Intel breaks record for second-quarter revenues

Intel breaks record for second-quarter revenues

Intel has announced huge second-quarter financial results with both the company's revenue and unit shipments of its microprocessors and flash memory setting new records.

For the second quarter of fiscal 2000, which closed July 1, Intel recorded revenue of $US8.3 billion, a new company record, up 23 per cent from the year-ago quarter. Excluding acquisition-related costs, net income was $3.5 billion and earnings per share were 50 cents, increases of 98 and 92 per cent respectively on the second quarter of fiscal 1999.

"We are very pleased with our record quarterly results in what is normally a seasonally slow quarter," Intel chief executive officer and president Craig Barrett said. "We saw strong demand in all business groups, especially for microprocessors, flash memory and networking silicon." He added that he expects strong demand for Intel's products to continue into the second half of this year. Revenue for Intel's third quarter will be above this quarter's $8.3 billion mark, according to the company.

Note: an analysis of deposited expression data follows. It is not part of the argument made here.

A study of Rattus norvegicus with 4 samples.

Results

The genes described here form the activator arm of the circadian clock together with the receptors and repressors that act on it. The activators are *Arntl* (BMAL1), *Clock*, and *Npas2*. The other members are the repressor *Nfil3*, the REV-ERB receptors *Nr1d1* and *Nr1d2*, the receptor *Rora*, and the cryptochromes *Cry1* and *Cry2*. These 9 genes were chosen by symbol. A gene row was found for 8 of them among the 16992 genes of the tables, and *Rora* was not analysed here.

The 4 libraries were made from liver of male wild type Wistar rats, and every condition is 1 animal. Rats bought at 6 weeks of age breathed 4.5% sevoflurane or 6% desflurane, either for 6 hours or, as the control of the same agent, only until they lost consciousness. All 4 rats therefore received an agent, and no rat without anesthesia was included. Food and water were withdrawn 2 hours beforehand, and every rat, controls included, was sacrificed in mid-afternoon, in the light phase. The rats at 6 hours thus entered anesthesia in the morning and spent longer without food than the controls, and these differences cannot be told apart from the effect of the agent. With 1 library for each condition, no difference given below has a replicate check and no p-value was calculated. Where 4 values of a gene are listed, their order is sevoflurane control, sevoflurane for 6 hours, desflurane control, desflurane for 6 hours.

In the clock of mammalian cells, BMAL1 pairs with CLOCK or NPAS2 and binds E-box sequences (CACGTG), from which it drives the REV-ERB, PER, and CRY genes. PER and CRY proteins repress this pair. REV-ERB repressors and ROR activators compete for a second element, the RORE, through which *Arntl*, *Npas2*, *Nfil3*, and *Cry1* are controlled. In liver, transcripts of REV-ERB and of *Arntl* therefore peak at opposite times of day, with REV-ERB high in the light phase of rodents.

Factoring in the acquisition-related costs in the order of $415 million, net income was $3.1 billion and earnings per share were 45 cents. Intel noted that all share and per share amounts have been adjusted to reflect the company's two-for-one stock split, which is payable to Intel shareholders July 30.

A group of 20 brokers polled by First Call/Thomson Financial on July 13 estimated that Intel would record earnings per share of 99 cents for the second quarter of fiscal 2000, up from 51 cents for the year ago period. The First Call estimate did not reflect the stock split. Intel said the pre-split earnings per share excluding acquisition-related costs were $1, while earnings per share including the costs were 90 cents.

Second-quarter net income and earnings per share include Intel's previously announced charge of around $200 million to cover the remaining costs of a program to fix faulty PC motherboards based around the company's 820 chip set.

The chip set's memory translator hub, which translates signals from synchronous dynamic random access memory to the 820 chip set, was faulty, potentially causing systems to fail or data to be corrupted.

Intel also announced that it will shortly start shipping its Itanium processor for use in end-user pilot installations. The company added that it now expects to begin recording revenue from Itanium in the fourth quarter of this year, not the third.